Reality Check: Creating the Helpful Habit

Are you stressed? Is there too much to do, no time to do it? Do undone tasks scurry around in the back of your mind, popping up at inconvenient times?

Many tasks are never fully done. Do you remember this slogan? “A man works from sun to sun; A woman’s work is never done.” The implication—that housework is never done—applies not only to housework, but to lots of tasks. No matter how much you do, there’s always opportunity to do more.

If that’s your focus, you may never be able to relax. “Woman’s work” aside, housework is a good example. You sit down and suddenly think, the windows should be washed! Another load of laundry beckons. The fridge needs cleaning…

Is the perception that you are never “caught up” helpful? Perhaps you view it as a motivating factor. If that works for you; great!

On the other hand, if the perception leaves you continuously feeling stressed, frantic, and guilty, then here’s a suggestion: Take charge of when you do specific “never-finished” activities. Build them into your life as helpful habits, rather than life-consuming interruptions.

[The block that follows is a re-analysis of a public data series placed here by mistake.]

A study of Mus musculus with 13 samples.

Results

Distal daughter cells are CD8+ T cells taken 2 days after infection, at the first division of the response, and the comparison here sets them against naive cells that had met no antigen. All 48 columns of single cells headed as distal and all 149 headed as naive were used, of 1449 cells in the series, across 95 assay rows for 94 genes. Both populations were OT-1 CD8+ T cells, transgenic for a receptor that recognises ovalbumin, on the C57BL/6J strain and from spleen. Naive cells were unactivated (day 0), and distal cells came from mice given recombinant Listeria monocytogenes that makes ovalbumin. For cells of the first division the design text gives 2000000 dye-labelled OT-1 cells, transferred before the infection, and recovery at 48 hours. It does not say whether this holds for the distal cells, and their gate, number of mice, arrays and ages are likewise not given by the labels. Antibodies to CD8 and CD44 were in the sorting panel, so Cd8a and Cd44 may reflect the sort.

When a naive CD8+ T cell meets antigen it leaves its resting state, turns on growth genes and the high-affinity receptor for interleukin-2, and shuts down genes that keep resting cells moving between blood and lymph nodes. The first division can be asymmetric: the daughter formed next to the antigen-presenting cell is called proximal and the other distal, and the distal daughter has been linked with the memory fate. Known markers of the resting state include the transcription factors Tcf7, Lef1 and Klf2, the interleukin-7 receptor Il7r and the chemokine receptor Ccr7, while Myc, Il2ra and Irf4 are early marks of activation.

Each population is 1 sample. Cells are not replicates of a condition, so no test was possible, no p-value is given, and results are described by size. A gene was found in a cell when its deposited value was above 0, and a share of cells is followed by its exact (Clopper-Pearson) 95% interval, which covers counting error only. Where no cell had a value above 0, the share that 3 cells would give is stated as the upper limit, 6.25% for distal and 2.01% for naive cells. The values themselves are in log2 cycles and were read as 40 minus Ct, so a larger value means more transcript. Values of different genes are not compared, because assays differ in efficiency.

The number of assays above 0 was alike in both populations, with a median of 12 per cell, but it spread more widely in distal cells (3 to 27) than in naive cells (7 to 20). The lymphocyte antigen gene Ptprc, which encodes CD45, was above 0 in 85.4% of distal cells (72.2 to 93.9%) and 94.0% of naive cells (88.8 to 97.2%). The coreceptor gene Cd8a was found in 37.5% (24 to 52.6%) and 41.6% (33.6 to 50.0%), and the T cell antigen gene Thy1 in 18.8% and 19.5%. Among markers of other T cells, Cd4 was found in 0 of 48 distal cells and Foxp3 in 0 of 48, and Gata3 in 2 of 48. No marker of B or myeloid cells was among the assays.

For example, choose specific days for specific tasks. Laundry? Tuesday evening. Toilet cleaning? Let’s make that Friday night’s entertainment.  Groceries? Saturday morning, and so on.

Obviously, the specifics are completely your choice. If you need to do laundry five times a week, that’s your prerogative. The suggestion is simply to choose a routine and follow it.

Here’s what a routine can do for your life. When you sit down Thursday evening to relax and suddenly the pesky thought pops into your head that the toilet needs cleaning, you can dismiss it. You know, “That’s in my routine for Friday evening.”

There’s no need to consider it, resent it, or feel guilty about not doing it now. When Friday comes, the task is already expected. This is when you do it. You might even have the supplies you need because you’ve planned for it!

For this (or any) suggestion to be effective, of course, you have to follow through with the plans you’ve made.

There’s another benefit to choosing helpful habits to deal with those necessary, repetitive, but not highly significant tasks. Putting them on “auto-pilot” can help you act on your significant priorities.

It’s often tempting to put off important priorities with, “I’ll start that later, when I have free time.”  Meanwhile, time is frittered away on tiny, seemingly urgent but less-important tasks.

After all, while it might not be pleasant, it can be easier to clean the toilet than to finally start working on that novel, or start planning your career, or start landscaping your property. Even if the novel, the career, or the landscaping is really important to you, the toilet-cleaning might seem easier because you know exactly how to get started.

Putting the necessary but less-important tasks in their place, allotting enough time to them but no more, can free up some of your time for the bigger picture.

Do you use habits to handle routine activities in your life?